Russian authorities named a suspected suicide bomber of Moscow's airport and arrested his teenage brother and sister, an official said Wednesday.
The Jan. 24 bombing of Domodedovo airport was conducted by 20-year-old Magomed Yevloyev, said an official working with Russia's top investigative agency in the province of Ingushetia. He spoke on condition of anonymity because he wasn't authorized to publicly discuss the issue.
Officials have previously said that the bomber was a 20-year-old man from the Caucasus, but didn't give his name.
Chechen rebel warlord Doku Umarov has claimed responsibility for the attack that killed 36 and injured more than 180.
A court in Ingushetia's provincial capital, Magas, also ordered the arrest of Yevloyev's 15-year-old brother and 16-year old sister, suspected of involvement in the attack, the official said. They also arrested another resident of Yevloyev's home village of Ali-Yurt on the same charges.
A respected human rights activist from Ingushetia condemned the arrest of the underage suspects. "This is absurd and savage -- to arrest people only because they are relatives of a suspected terrorist," Magomed Khazbiyev told the daily Kommersant.
The ITAR-Tass news agency reported Wednesday, however, that the investigators had found traces of explosives used in the airport bombing on the hands of Yevloyev's arrested brother.
Umarov said in a video posted Monday that he ordered the airport bombing and that many more such attacks will follow if Russia does not allow the Caucasus to become an independent Islamic state governed by Sharia law.
In another video released over the weekend Umarov appeared with a young man whom he said was being sent to Moscow on a suicide mission. No mention was made of the airport bombing, and it was unclear when the video was made. Kommersant quoted a local imam as saying that the man in the video closely resembled Yevloyev.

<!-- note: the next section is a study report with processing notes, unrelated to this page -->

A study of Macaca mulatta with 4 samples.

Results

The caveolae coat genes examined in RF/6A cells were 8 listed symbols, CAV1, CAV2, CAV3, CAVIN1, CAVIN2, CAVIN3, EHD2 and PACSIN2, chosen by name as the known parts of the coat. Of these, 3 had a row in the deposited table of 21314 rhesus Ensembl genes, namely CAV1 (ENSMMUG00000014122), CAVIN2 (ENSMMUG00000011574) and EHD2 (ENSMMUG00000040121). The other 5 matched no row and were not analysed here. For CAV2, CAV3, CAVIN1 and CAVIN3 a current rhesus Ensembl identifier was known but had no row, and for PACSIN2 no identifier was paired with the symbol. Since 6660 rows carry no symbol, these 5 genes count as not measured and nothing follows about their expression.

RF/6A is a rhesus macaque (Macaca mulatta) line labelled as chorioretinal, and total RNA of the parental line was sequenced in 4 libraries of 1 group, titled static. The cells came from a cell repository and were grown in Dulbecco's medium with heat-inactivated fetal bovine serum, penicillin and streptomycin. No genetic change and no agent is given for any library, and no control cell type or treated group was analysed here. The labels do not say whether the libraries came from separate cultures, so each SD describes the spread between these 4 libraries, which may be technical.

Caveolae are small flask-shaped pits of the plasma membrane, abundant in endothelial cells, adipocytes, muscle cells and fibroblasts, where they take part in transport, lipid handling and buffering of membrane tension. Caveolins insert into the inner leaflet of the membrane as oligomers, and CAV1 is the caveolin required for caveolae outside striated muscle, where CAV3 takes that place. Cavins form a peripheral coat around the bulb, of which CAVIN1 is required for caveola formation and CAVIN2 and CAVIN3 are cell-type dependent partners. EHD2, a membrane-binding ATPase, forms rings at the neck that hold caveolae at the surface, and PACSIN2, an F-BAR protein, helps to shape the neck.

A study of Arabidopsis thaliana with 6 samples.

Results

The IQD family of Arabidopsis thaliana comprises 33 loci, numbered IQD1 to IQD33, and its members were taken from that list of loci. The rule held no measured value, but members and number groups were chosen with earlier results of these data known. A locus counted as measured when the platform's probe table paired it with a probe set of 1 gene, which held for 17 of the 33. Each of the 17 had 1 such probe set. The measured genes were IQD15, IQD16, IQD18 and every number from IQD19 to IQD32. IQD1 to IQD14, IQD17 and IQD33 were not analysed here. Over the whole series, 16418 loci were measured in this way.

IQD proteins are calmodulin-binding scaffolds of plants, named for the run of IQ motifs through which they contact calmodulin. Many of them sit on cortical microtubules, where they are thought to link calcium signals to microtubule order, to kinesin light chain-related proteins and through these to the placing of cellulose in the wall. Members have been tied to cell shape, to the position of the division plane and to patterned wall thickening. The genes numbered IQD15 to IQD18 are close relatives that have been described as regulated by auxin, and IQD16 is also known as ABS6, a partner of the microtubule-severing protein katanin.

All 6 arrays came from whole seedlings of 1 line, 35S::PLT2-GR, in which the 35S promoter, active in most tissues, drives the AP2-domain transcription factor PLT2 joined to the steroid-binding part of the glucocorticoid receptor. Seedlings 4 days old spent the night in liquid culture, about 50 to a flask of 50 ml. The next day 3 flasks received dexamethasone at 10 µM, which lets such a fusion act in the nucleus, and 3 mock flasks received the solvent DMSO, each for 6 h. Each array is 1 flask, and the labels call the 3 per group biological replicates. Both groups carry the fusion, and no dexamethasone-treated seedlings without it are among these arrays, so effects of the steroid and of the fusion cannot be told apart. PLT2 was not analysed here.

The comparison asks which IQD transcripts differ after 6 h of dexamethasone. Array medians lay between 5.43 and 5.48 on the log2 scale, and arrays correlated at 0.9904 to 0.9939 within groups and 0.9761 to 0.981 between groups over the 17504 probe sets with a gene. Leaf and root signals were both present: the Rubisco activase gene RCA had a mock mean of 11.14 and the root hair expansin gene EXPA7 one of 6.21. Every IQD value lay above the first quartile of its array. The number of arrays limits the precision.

Umarov has claimed responsibility for an array of terrorist attacks, including last year's double suicide bombing of the Moscow subway system that killed 40 people. He is seen more as an ideological than a military figure, as many militant cells operate autonomously and shun centralized command.
Some observers have questioned Umarov's claim.
Ben West, an analyst at Stratfor, a global intelligence analysis company, said in a written comment that Umarov could have claimed the attack to boost his profile after a fallout with other rebel leaders last fall. Russian officials have said that militants in Chechnya are linked to al-Qaida and other foreign terror groups and depend on them for funding.
West said that Umarov has not had any known links to the militants in Ingushetia, which raises doubts about his claim of responsibility.
Chechen rebels have fought two separatist wars against Russian forces since 1994. Major offensives in the second war died down about a decade ago, but the Islamic insurgency has spread across neighboring North Caucasus provinces, stoked by poverty, official corruption and abuses against civilians by security forces.
Vladimir Isachenkov contributed to this report from Moscow.